IF controversy has surrounded David Normington's appointment as the top civil servant at the Department for Education and Employment, he is not hinting at it.
His professional confidence, which he has quietly built up over a civil service career spanning more than a quarter of a century, is still firmly in place - as is his beaming smile, which earned him the nickname of "the smiling assassin" during his time as number two at the department.
"I'm absolutely thrilled," says Mr Normington, 49, who takes over as permanent secretary from Sir Michael Bichard on May 21. "Of course I'm a bit daunted, but I feel I have done a lot of things over the past 27 years which have prepared me for this job."
It seems that was also the opinion of Cabinet Secretary Sir Richard Wilson, who is said to have weathered Downing Street wrath by insisting that Sir Michael's deputy should get the job - and refusing to invite candidates from outside the civil service to apply for the pound;140,000-a-year post. He did, however, beat off two permanent secretaries, John Vereker from the Department for International Development and Robin Young at Culture, Media and Sport, for the job.
Peter Smith, general secretary of the Association of Teachers and Lecturers, says Mr Normington is "civilised and urbane, with a beaming smile - but underneath he's a tough nut".
As director-general of schools for the past three years, observers say he must bear some responsibility for the number of initiatives which have deluged on schools and colleges, increasing workload and red tape.
His tenure also included the DFEE's embarrassing court defeat by the National Union of Teachers, which put back performance pay reforms. The rapid rise in teacher shortages, which prompted the industrial action on cover, also seems to have caught his department unawares, prompting accusations of complacency.
But he describes the past three years of his career as his best: "In 1995, having spent 22 years with the department for employment, I was fairly devastated when suddenly we were merged with education out of the blue.
"I wondered what on earth was going to happen to me. I never expected that I would be responsible for schools and suddenly this wonderful job opened up to me."
On average, he visits a school a week during term time. This shopfloor instinct perhaps comes from his childhood in Bradford, West Yorkshire. His father worked in local government as a planner and surveyor and his mother worked as a cutter in the clothes industry.
Mr Normingtn won a scholarship to Bradford grammar, then a direct-grant school. During the summer before going up to Corpus Christi College, Oxford, to study modern history (he gained a first) he worked in a local department store selling school uniforms. "I used to tell the mums what their children really needed compared with what it said on the list."
While he enjoyed his days at Bradford grammar, he believes his key educational experience came at Wellington Road primary where the head, Jack Proctor, had a lasting influence on him. "He was committed to bringing out the best in children."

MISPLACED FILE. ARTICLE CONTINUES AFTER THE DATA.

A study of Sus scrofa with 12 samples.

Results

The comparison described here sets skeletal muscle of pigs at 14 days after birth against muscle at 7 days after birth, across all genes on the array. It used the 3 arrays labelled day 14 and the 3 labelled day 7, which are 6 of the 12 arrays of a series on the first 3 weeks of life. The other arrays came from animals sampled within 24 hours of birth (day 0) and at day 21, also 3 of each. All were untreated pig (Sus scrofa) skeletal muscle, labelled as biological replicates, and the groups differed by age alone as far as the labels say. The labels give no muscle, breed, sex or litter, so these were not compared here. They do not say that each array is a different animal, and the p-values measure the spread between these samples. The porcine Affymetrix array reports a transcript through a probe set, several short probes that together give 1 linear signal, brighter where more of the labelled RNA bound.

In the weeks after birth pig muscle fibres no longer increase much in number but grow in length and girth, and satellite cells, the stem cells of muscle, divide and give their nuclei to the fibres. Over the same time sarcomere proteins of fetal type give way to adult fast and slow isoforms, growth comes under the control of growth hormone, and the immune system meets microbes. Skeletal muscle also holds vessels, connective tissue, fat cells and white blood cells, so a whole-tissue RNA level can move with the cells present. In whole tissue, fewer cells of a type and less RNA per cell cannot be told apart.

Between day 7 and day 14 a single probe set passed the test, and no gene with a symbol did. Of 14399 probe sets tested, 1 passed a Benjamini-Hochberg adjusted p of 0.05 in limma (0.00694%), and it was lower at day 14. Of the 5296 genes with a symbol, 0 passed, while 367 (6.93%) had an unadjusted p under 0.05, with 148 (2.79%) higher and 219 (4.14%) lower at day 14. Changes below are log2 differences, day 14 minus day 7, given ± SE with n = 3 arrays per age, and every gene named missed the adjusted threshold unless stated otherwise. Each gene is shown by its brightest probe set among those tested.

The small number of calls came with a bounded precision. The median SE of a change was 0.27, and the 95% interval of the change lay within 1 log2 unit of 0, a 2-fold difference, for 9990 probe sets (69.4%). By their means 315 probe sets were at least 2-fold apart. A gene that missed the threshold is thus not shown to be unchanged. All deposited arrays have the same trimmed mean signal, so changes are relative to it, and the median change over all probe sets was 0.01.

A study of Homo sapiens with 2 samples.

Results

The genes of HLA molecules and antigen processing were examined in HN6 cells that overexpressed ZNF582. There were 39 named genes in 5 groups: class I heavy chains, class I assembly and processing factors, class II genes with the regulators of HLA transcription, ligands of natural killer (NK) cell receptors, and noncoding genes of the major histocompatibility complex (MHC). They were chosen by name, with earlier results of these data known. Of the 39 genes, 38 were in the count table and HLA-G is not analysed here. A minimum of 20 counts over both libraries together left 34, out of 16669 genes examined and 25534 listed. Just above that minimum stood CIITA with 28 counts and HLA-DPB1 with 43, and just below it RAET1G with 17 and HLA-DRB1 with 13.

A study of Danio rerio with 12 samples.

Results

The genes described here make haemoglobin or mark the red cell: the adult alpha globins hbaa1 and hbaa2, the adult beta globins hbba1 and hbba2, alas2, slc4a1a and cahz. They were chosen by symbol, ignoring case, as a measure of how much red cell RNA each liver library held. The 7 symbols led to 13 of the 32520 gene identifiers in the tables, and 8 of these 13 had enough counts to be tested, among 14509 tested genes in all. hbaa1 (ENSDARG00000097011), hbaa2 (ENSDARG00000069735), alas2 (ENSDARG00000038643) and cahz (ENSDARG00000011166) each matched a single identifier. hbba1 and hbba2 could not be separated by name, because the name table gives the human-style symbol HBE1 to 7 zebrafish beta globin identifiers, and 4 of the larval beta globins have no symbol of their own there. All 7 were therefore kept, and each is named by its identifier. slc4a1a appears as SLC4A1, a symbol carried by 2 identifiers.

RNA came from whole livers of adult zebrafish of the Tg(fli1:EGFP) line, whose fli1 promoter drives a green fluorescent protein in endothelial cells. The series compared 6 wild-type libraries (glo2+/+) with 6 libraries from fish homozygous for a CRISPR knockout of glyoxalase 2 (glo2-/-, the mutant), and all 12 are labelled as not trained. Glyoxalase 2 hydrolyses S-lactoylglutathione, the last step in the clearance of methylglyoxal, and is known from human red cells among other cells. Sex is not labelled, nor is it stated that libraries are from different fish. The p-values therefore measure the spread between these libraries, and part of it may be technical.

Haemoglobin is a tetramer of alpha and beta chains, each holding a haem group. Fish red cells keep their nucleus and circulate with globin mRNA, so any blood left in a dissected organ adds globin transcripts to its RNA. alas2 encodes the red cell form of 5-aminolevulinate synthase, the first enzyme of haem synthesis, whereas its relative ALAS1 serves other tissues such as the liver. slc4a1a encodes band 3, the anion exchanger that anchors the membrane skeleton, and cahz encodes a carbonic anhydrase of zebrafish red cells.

Mr Normington's current job took him back to the school, now Wellington primary, 18 months ago. Staff there had unearthed photos and the school log for the year 1959 in which the head described how the schoolboy David crowned the May Queen that year.
"I was not a political person but I was always fascinated by the political process," says Mr Normington, who describes his joining the civil service in 1973 as "not the most planned career move ever".
Mr Normington's wife, Win, also works at the DFEE. She is head of the department's European Union division. They met at the office in 1974 and, due to natural civil service caution ("we're very slow"), it took them 10 years to get married. Who's Who lists his interests as gardening, theatre, ballet and cricket but, away from the office, the Normingtons describe themselves as serious walkers.
He is expected to take on Sir Michael's mantle as an arch moderniser . Indeed, he was known among staff as Bichard's Enforcer, and has told them they must work harder and be more customer-friendly.
In an interview in People Manager, Sir Michael denied he was leaving because the pace of change was too slow: "I haven't been starved of creativity ... but I'm looking forward to working in an environment that is relaxed and even more creative,"he said of his new role as rector of the London Institute - a collection of art, design and fashion colleges.
People should stay in the civil service for five or 10 years only, he said. "There needs to be a constant refreshing of the service."
Last year he was made a Companion of the Order of Bath in the Millennium honours list. Rather appropriately he heard the news in the bath - when a reporter from his local paper rang up for his reaction.
Mr Normington's biggest challenge now, he believes, is not only to lead the department but also to gear up for a new government and ministerial team, pending the June election.
"The one thing I will keep doing is getting out and meeting people," he says. "I want the department to be listening."